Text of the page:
I bought a used stove and just plugged it in. The back burner has something on it ... don't know what. It first didn't seem to heat as well as the other side so after getting everything in place, I turned on the burner to see if it would heat up all the way and after about 1 or 2 min. it popped and cracked. I need a replacement top and need to know if it can be installed without a serviceman being called. Also, where do I find one on the inexpensive side?
You did not provide a model number so I can only guess at what you have.
If you have an electric glass top range, your burner element has a thermostat. This thermostat (temperature sensor) runs from the center of the burner to the edge of the burner where there is a wire connector. I suspect this component is either cracked or the connector is bad.
THe glass top is just that, glass! If the elements beneath it are not producing enough heat your utensils will not cook. Pull off the glass top by removing fasteners (either in the front of the stove or under the back panel of the stove). Then, turn on each electric burner to see if it turns RED hot. If not, wait till everything COOLS and reseat each heating elememt and retest those that failed. If that doesn't solve the problem, you can buy heating elements at Home Depot or other stores...
You'll need certified stove technician to service you kitchen Aid range. You
have low gas flow on one of the burner. The manual gas control valve behind the
knob needs to removed and cleaned. If you have one cleaned then have technician
clear all four of these manual gas valves. While he cleaning the valve have do a
complete check up of you Kitchen Aid range. Dangerous for the home owners to
do this procedure because flowing natural gas or propane. In a lot the states
you'll need to be certified by the state to work with natural gas, gas stove,
ovens, gas home heating units, etc. It differentially a no,no here.
It is not the burners, it is gas flow valves for the burners. Most of the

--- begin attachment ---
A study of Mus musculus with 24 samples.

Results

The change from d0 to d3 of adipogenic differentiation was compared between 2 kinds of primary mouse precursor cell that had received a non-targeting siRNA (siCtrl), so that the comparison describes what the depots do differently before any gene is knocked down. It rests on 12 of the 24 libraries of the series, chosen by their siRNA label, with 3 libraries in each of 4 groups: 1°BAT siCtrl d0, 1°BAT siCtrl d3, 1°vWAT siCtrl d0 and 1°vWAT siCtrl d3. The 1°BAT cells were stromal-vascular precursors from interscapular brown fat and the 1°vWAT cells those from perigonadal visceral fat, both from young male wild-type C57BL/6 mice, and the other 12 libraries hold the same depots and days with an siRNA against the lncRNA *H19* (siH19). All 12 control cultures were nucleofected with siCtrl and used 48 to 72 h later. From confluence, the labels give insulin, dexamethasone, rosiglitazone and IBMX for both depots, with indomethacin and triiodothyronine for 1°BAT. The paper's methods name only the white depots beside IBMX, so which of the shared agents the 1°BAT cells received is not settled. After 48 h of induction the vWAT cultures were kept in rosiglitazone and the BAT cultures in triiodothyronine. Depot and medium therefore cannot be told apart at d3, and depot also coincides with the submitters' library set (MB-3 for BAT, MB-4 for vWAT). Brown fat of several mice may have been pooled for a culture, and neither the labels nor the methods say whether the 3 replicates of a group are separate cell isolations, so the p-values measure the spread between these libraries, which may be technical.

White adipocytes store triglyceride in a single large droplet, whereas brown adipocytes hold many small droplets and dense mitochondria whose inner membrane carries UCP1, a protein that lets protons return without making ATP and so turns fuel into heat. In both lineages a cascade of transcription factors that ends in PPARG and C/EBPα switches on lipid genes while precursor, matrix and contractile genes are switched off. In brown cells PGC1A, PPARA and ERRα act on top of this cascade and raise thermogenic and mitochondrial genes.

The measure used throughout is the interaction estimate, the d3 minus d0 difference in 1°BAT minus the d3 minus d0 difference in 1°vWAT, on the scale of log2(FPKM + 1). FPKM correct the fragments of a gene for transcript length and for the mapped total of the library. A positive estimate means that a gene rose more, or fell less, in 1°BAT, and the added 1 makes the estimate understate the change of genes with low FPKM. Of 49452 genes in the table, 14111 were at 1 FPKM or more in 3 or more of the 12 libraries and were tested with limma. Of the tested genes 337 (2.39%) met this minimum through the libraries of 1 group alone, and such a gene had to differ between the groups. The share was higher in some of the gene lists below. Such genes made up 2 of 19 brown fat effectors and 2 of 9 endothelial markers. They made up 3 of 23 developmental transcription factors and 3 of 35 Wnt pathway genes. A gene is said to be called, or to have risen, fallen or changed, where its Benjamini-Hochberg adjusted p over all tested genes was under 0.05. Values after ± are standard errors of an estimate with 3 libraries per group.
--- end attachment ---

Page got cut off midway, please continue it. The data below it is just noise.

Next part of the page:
burner are made of aluminum and I wouldn't use any harsh cleaners of them.
Check with Kitchen Aid and ask them what is recommend for cleaning the burners.
Also the top of the range isn't ceramic but porcelain, it glass that has been
melt to the top hood of the range. Don't use scratch pads, steel wool or any
thing that will mare the Periclean surface of your stove.
If you can get the aluminum burner out to clean them then do so. GB you
Allison and I wish you many year cooking on your Kitchen Aid range.
walk softly up on this earth and she will good to you...
the glass in the ovens should not crack when self clean is used. it could be that there was a minut crack in the glass or a build up of moisture in between to door windows that expanded at the extra heat but this should be brought up with the manufacturer for replacement.
If you are referring to the bakelight material, this is an insulating compound and the burner still may work. I would not use this long term in this manner however. This material insulates as well as helping maintain an even heat transfer of the burner. Long term use, may cause damage to the cooktop. The burners are replaceable, but the prices vary depending on the size of the burner. The part numbers are as follows:
This happened recently to my stove... heard a funny sound and then the burner I was not using suddenly started heating up with the switch still in of position. It appears that the problem is the burner switch. I've bought a new one...however I didn't note the order of the wires before removing the old one... and now can't get the new one hooked up right! Part is only around $25.00.. just be sure to mark where the wires go before unplugging them.
Cast iron cookware is NOT recommended due to the weight and the potential damage it can cause to the glass top surface. There's nothing better than a good old-fashioned cast iron skillet that's been broken in over a number of years of use, but they are better suited for gas ranges rather than electric. I hate it. I have several cast iron skillets that I only use on the outdoor grill, because I currently own a glass top electric range.
Aluminum bottom pans and copper bottom pans heat well, but can leave metal transfer marks on the cook top surface. If the marks are cleaned after use with an approved stove top cleaner, you shouldn't have any problem retaining the condition of the glass surface, however. Stainless Steel seems to offer good resistance to metal transfer, but takes a little longer to heat than aluminum or copper. So...you have somewhat of a trade off. Baked enamel cookware seems to be the best recommendation because it heats wells and causes the least amount of damage to your glass top surface.
IMPORTANT: Make sure the bottom of your cookware is FLAT. If your pans are warped or bowed, this can cause uneven heat transfer on the heating elements and potentially cause the cook top to crack. Most manufacturers will not replace the top if it still under warranty if it is determined that your cookware caused the problem.